This island is like Galapagos in Bahamian style, with iguanas scampering along the beaches at all hours of the day and night. Allen’s Cay is uninhabited.
Swimming pigs might be the most famous living attraction in The Exumas, but iguanas are really cool, too. Many cays are home to three species, which have a thoroughly prehistoric look about them, with bright scaly skin and mohawk-style spines. One of the best sites to spot a “mess” (the term for a group of iguanas) – is Allen Cay, also known as Iguana Island. Allen Cay can only be reached by boat.
The main attraction is the Allen’s Cay Iguana. One of the few places where you can still find these gentle, but fearsome looking, creatures. The iguanas are friendly and welcoming to visitors who bring them vegetables.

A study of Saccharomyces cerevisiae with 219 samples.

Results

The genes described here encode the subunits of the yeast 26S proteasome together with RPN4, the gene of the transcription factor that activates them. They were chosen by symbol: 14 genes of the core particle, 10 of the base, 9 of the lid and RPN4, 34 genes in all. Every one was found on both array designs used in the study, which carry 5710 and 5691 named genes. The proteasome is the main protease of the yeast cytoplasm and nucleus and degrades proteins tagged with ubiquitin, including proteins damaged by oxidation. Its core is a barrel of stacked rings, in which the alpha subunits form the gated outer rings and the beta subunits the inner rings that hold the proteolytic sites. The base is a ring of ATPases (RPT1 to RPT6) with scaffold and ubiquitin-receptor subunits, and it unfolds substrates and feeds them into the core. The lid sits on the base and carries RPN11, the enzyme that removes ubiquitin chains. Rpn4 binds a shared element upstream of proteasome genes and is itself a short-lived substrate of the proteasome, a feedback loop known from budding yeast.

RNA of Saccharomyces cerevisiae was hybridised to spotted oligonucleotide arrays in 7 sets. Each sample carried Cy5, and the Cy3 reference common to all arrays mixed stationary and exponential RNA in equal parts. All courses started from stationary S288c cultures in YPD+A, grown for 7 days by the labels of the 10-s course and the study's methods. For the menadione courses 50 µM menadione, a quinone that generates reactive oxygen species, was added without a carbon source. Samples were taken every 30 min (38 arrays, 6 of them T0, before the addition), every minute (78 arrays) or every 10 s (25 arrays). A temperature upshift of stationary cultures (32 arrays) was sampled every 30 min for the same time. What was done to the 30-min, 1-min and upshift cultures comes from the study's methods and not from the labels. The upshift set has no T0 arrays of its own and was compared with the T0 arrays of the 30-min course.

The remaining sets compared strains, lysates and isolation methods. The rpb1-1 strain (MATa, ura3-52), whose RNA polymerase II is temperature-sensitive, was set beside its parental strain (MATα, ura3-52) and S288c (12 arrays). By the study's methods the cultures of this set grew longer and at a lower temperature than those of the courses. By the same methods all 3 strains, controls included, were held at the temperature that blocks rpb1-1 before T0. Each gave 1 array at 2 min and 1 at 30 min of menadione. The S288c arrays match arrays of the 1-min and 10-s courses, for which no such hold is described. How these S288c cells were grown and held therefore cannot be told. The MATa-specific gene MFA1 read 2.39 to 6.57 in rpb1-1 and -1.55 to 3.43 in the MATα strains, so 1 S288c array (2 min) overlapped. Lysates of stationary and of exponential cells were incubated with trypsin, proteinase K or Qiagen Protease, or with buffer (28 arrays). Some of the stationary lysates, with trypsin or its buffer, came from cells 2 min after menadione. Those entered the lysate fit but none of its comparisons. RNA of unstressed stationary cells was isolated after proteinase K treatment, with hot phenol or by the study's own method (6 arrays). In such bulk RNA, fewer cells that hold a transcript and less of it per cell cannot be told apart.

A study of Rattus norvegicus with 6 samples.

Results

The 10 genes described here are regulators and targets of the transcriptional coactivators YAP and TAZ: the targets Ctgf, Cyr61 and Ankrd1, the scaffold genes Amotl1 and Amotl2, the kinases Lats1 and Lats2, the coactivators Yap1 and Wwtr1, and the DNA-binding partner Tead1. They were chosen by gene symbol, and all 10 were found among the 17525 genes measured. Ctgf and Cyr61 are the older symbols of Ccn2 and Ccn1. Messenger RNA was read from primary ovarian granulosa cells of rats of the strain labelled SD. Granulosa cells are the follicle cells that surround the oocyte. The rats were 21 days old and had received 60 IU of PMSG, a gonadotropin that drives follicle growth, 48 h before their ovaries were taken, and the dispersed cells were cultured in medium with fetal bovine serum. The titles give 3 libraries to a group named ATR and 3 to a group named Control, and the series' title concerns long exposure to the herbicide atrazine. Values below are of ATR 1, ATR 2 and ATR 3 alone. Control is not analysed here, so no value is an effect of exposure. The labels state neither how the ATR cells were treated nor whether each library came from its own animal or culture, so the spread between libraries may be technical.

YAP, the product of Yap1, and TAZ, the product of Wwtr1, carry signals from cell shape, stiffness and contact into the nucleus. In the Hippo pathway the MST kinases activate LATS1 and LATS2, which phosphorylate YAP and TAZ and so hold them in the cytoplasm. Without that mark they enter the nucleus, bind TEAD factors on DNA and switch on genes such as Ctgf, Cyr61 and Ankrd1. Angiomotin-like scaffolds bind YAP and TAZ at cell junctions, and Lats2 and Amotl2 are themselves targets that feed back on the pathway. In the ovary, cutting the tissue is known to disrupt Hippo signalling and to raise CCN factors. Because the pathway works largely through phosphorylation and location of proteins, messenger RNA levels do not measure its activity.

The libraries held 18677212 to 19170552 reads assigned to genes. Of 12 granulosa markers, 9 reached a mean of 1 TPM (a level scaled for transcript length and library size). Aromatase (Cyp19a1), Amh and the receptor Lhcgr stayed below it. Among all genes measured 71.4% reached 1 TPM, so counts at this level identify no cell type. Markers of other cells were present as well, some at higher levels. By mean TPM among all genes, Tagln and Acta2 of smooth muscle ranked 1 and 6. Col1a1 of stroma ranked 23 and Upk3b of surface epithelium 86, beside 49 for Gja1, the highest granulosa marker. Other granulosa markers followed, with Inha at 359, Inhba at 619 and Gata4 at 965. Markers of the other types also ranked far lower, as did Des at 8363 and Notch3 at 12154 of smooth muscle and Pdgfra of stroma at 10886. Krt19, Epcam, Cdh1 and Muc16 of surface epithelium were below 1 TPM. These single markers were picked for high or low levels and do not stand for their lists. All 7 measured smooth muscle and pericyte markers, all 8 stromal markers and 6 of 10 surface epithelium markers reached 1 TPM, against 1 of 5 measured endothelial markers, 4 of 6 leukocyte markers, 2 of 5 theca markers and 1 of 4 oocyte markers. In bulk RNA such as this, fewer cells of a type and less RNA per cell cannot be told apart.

Be cautious when interacting with the iguanas, not only because they are endangered and protected by law, but also because they are still a wild animal. Place a piece of lettuce or perhaps a grape tomato on a long stick and hold it out. Then, let them come to you.
What is so special about the iguanas on Allen Cay?
Allen Cays iguana (Cyclura cychlura inornate) – a subspecies of the Northern Bahamian rock iguana – is unique to Allen Cay and a few neighboring isles. Growing to more than 4ft in length, it’s a giant next to its smaller cousins because it’s diet is so unusually nutrient-rich plants. These harmless lizards are threatened by poaching and supplemental feeding by tourists. Because they are endangered, treating these wild creatures with respect is critical to their long-term survival. We won’t feed them, but we can still take a selfie with them, right?